Rep. Adam Smith, the ranking Democrat on the House Armed Services Committee, was trying again this week to persuade his colleagues that they should allow a round of military base closings and realignments in the interest of saving money.

The answer was expected to be a terse “no,” as it has been since the last Base Closure and Realignment Commission (BRAC) in 2005, which made changes to hundreds of military installations but didn’t save as much as Congress had hoped.

But the Defense Department and lawmakers such as Smith think that with the armed forces shrinking again after the withdrawal from Iraq and the impending return from Afghanistan, the Pentagon should shed more property.

Smith planned to introduce an amendment to the fiscal 2016 defense authorization bill (HR 1735) that would authorize a new BRAC round for 2017. An actual committee vote was likely; Smith planned to withdraw his amendment due to referral issues, an aide said, and instead seek a floor vote.

His amendment would set up a nine-member independent commission appointed by the president and subject to Senate confirmation. The panel would only be authorized to meet during calendar year 2017.

The plan would require the Defense secretary to certify the need for a BRAC round with the fiscal 2017 budget submission and, if so, that base closures would result in net savings within six years. The secretary’s closure recommendations would be made by April 15, 2017. The commission would then hold hearings on the recommendations and present its own findings to the president by Oct. 1, 2017, including an explanation of any changes it made from the list compiled by the Pentagon. The president would have two weeks to either approve or disapprove of the list.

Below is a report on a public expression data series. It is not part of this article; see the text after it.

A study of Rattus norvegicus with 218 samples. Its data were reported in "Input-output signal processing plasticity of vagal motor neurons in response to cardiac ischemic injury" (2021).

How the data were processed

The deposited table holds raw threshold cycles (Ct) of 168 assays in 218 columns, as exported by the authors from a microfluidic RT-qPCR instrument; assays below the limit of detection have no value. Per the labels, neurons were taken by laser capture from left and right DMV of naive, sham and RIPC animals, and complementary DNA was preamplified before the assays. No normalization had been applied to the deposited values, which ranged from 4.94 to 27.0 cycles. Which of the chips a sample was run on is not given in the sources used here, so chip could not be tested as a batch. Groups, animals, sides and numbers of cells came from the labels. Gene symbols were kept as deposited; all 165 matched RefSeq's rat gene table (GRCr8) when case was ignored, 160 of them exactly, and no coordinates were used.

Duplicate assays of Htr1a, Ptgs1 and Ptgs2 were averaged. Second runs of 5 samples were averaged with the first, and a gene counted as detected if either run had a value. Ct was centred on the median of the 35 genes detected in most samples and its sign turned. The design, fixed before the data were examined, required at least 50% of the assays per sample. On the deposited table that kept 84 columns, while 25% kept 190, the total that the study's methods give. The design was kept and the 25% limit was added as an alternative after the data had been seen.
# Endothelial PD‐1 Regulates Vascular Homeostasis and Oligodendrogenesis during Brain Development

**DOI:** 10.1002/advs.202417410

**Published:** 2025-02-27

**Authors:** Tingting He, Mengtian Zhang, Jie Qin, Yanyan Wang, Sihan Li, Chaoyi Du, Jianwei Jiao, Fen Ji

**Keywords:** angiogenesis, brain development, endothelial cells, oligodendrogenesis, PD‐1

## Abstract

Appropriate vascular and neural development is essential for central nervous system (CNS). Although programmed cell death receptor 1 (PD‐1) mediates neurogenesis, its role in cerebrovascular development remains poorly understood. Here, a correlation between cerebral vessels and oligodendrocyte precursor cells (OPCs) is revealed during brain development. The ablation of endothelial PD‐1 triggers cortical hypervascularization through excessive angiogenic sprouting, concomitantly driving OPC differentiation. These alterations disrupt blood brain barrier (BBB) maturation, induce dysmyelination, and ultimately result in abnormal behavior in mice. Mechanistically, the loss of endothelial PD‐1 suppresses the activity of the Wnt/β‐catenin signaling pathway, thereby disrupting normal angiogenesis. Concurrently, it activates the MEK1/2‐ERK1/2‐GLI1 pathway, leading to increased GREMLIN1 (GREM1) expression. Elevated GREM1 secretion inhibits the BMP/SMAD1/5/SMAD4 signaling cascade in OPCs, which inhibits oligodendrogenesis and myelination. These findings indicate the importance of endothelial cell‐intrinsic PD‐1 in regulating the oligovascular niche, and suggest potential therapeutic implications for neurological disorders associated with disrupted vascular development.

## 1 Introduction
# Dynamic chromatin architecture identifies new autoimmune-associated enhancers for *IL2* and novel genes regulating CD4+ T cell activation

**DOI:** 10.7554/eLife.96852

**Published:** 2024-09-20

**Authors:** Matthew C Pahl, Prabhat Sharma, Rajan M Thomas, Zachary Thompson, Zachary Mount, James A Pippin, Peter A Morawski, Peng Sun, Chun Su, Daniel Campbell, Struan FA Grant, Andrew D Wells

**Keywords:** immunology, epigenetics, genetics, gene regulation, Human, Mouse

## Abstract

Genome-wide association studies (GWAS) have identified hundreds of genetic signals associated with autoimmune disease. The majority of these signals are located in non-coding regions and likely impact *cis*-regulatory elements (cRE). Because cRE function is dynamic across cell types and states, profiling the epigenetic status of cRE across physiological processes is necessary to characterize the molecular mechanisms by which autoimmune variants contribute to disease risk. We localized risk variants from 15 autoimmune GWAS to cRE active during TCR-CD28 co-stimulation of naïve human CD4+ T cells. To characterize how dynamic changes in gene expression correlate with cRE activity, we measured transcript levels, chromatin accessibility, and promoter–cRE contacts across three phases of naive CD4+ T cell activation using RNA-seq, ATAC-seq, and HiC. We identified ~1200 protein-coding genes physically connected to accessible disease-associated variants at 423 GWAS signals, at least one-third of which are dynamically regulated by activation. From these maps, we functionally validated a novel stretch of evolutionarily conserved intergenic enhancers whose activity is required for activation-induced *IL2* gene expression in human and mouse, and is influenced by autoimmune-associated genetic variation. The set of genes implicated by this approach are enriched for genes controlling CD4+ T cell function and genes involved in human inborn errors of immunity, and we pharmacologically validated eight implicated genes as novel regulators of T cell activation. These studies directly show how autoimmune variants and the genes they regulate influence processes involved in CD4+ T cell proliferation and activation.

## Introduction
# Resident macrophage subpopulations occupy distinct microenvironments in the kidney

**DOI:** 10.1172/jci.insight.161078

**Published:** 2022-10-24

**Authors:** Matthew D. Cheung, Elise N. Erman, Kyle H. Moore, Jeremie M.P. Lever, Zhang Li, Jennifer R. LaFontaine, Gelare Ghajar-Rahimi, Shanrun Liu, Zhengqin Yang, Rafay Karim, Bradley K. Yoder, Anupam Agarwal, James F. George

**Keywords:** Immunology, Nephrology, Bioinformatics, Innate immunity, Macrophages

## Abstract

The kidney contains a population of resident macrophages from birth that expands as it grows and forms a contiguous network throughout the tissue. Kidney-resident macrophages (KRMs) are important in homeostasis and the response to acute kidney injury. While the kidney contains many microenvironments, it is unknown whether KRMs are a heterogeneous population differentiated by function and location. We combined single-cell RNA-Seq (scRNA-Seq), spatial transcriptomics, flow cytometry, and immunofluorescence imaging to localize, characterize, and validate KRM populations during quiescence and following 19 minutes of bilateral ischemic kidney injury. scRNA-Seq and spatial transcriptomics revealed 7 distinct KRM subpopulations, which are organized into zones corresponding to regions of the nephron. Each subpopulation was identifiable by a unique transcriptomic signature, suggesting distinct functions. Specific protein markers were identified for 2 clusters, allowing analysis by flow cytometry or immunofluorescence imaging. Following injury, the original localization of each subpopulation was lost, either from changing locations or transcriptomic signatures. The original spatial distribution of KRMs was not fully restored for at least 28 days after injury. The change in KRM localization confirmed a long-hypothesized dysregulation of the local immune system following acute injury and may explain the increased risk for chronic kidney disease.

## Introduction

Under the proposal, Congress would be able to put the brakes on the BRAC process by passing a joint resolution of disapproval, though that could be subject to a presidential veto.

Matter of Savings

Smith is a frequent critic of fellow lawmakers for rejecting cost savings proposed annually by the Defense Department, including base closures, higher Tricare copayments and fees and retiring certain weapons platforms. In recent years, the Washington Democrat has argued that, even without the budgetary pressure of sequestration, the Pentagon should be given leeway to shutter the bases it says are no longer needed with a smaller military.

Defying Pentagon requests, Congress has not authorized a BRAC since the last round took place in 2005. Lawmakers have cited the cost of the previous round as well as the likely upfront expenses of a new round as reason to deny more base closure authority. The process also remains a politically unpopular issue on both sides of the aisle with lawmakers unlikely to put bases, and consequently jobs, in their home states and districts at risk.

But Smith argues, and his amendment states in its “findings” section, that the 2005 round was focused more on realignment than closure, as it took place during a military buildup rather than a drawdown, unlike previous rounds.

In saving the BRAC issue for the House floor, Smith is by no means guaranteeing a vote on his proposal. The House Rules Committee will parse hundreds of amendments submitted before the bill hits the floor during the second week of May. During floor debate on the fiscal 2015 defense bill, Rules blocked a number of contentious proposals, including ones from Smith to start a new BRAC and to permit the Navy to lay up half its Ticonderoga-class cruiser fleet.

The bill’s readiness section prohibits a new BRAC round, which Smith’s amendment would remove from the bill. Both Armed Services Chairman Mac Thornberry, R-Texas, and Readiness Subcommittee Chairman Rob Wittman, R-Va., oppose new base closures on the grounds that facilities can easily be closed but not so easily reopened.

The House’s legislation also would require the Defense secretary to report to Congress a 20-year structure plan for each military service and a worldwide inventory of infrastructure. The report would compare the plan with the infrastructure inventory to determine the infrastructure needed to support future force structure.